07:00am Saturday 21 October 2017

Rheumatologic diseases like lupus can initially look like neurological disorders

MAYWOOD, Ill.   –  Lupus and other rheumatologic diseases can initially present as neurological disorders such as headaches and seizures, and thus delay diagnosis for  many months, according to Loyola University Medical Center neurologists.

Moreover, treatments for  rheumatologic disorders can cause adverse neurological effects, Dr. Sean Ruland and colleagues report in the journal Current Neurology and Neuroscience Reports.

Rheumatologic diseases include autoimmune and inflammatory disorders of the joints and soft tissues, such as lupus, systemic vasculitis and ankylosing spondylosis.

Lupus can cause heart problems that lead to strokes. More than half of lupus patients suffer headaches, and a third suffer migraines. About 1.5 percent experience “lupus headache,” defined as a persistent, severe and intractable headache that does not respond to narcotic medications. As many as 20 percent experience seizures, and a third experience cognitive dysfunction. As many as 20 percent of lupus patients experience mood disorders. Lupus psychosis, which can include paranoia and hearing voices, can be confused with schizophrenia.

Patients with systemic vasculitis can experience neurologic disorders such as headaches, seizures, stroke-like syndromes and optic neuropathies. A third will have residual neurological impairments and will require long-term treatment to suppress their immune systems.

Ankylosing spondylosis patients can experience headaches, cerebellar and brainstem dysfunction, cognitive impairments, seizures and cranial neuropathy.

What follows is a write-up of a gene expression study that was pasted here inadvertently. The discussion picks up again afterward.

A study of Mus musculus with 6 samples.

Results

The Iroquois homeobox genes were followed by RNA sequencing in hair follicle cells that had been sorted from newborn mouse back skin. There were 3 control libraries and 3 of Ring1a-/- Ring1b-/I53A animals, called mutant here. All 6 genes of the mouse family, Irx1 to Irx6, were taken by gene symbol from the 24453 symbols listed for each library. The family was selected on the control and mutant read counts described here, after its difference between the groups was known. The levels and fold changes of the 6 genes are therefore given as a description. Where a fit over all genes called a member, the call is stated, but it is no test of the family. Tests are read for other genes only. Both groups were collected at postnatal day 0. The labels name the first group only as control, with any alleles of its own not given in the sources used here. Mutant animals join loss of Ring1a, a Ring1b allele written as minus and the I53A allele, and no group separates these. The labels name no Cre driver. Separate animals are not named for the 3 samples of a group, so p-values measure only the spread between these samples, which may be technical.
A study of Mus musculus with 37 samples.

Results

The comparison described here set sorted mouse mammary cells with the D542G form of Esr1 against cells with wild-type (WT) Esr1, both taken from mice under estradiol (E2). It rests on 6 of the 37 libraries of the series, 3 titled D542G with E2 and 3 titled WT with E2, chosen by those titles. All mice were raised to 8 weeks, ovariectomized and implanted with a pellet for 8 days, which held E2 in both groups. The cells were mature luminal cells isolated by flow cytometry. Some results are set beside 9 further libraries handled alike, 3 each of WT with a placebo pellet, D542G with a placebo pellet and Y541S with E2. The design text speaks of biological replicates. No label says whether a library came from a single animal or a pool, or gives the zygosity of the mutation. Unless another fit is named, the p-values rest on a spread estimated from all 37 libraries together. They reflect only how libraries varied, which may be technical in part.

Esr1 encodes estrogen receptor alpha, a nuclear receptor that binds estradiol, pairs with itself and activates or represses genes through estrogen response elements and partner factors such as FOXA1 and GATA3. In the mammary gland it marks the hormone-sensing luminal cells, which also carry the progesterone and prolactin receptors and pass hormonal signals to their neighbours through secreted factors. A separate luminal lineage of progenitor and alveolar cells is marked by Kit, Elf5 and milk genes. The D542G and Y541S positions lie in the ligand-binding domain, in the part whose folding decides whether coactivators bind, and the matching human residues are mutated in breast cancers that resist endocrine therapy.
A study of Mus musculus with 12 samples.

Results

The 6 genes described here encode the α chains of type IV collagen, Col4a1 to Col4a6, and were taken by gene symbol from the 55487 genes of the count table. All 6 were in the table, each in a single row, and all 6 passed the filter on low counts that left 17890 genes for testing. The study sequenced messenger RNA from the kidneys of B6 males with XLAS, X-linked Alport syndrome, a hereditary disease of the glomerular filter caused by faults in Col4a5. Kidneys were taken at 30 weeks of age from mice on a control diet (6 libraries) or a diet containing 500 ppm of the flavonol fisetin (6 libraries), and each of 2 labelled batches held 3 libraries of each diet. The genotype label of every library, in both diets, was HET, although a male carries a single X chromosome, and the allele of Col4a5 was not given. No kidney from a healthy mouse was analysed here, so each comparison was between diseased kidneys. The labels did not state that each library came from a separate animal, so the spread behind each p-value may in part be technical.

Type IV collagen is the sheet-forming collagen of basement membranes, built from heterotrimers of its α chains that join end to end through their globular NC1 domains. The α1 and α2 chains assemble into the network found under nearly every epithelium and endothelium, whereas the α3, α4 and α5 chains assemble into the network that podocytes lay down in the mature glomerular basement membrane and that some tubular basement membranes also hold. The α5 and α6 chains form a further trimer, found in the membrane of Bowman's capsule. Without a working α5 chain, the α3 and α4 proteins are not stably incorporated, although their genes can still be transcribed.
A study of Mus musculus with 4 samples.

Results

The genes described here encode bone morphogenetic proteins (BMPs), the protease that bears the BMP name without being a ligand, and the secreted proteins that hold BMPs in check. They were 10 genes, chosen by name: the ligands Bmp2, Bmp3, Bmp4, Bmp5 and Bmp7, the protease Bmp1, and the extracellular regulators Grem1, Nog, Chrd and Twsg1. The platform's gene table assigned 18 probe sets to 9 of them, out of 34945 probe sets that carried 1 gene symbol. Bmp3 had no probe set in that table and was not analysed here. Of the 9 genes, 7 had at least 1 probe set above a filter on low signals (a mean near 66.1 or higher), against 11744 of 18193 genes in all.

“Rheumatic disorders presenting as neurological syndromes may pose diagnostic challenges,” Ruland and his colleagues write.

Medications for patients with rheumatic disorders include immune-suppressing drugs and non-steroidal anti-inflammatory drugs. New medications have expanded treatment options. “However, these treatments also carry a risk of adverse neurological effects,” Ruland and colleagues write. “Therefore, familiarity with neurological manifestations of rheumatologic diseases, diagnosis and potential nervous system consequences of treatment is paramount.”

Ruland, senior author of the article, is an associate professor in the Department of Neurology of Loyola University Chicago Stritch School of Medicine. Other authors are Dr. Amre Nouh (first author), who completed a stroke fellowship at Loyola and now is at the University of Connecticut; and Dr. Olimpia Carbunar of Cleveland Clinic Florida.

Loyola University Health System (LUHS) is a member of Trinity Health. Based in the western suburbs of Chicago, LUHS is a quaternary care system with a 61-acre main medical center campus, the 36-acre Gottlieb Memorial Hospital campus and more than 30 primary and specialty care facilities in Cook, Will and DuPage counties. The medical center campus is conveniently located in Maywood, 13 miles west of the Chicago Loop and 8 miles east of Oak Brook, Ill. The heart of the medical center campus is a 559-licensed-bed hospital that houses a Level 1 Trauma Center, a Burn Center and the Ronald McDonald® Children’s Hospital of Loyola University Medical Center. Also on campus are the Cardinal Bernardin Cancer Center, Loyola Outpatient Center, Center for Heart & Vascular Medicine and Loyola Oral Health Center as well as the LUC Stritch School of Medicine, the LUC Marcella Niehoff School of Nursing and the Loyola Center for Fitness. Loyola’s Gottlieb campus in Melrose Park includes the 255-licensed-bed community hospital, the Professional Office Building housing 150 private practice clinics, the Adult Day Care, the Gottlieb Center for Fitness, Loyola Center for Metabolic Surgery and Bariatric Care and the Loyola Cancer Care & Research at the Marjorie G. Weinberg Cancer Center at Melrose Park.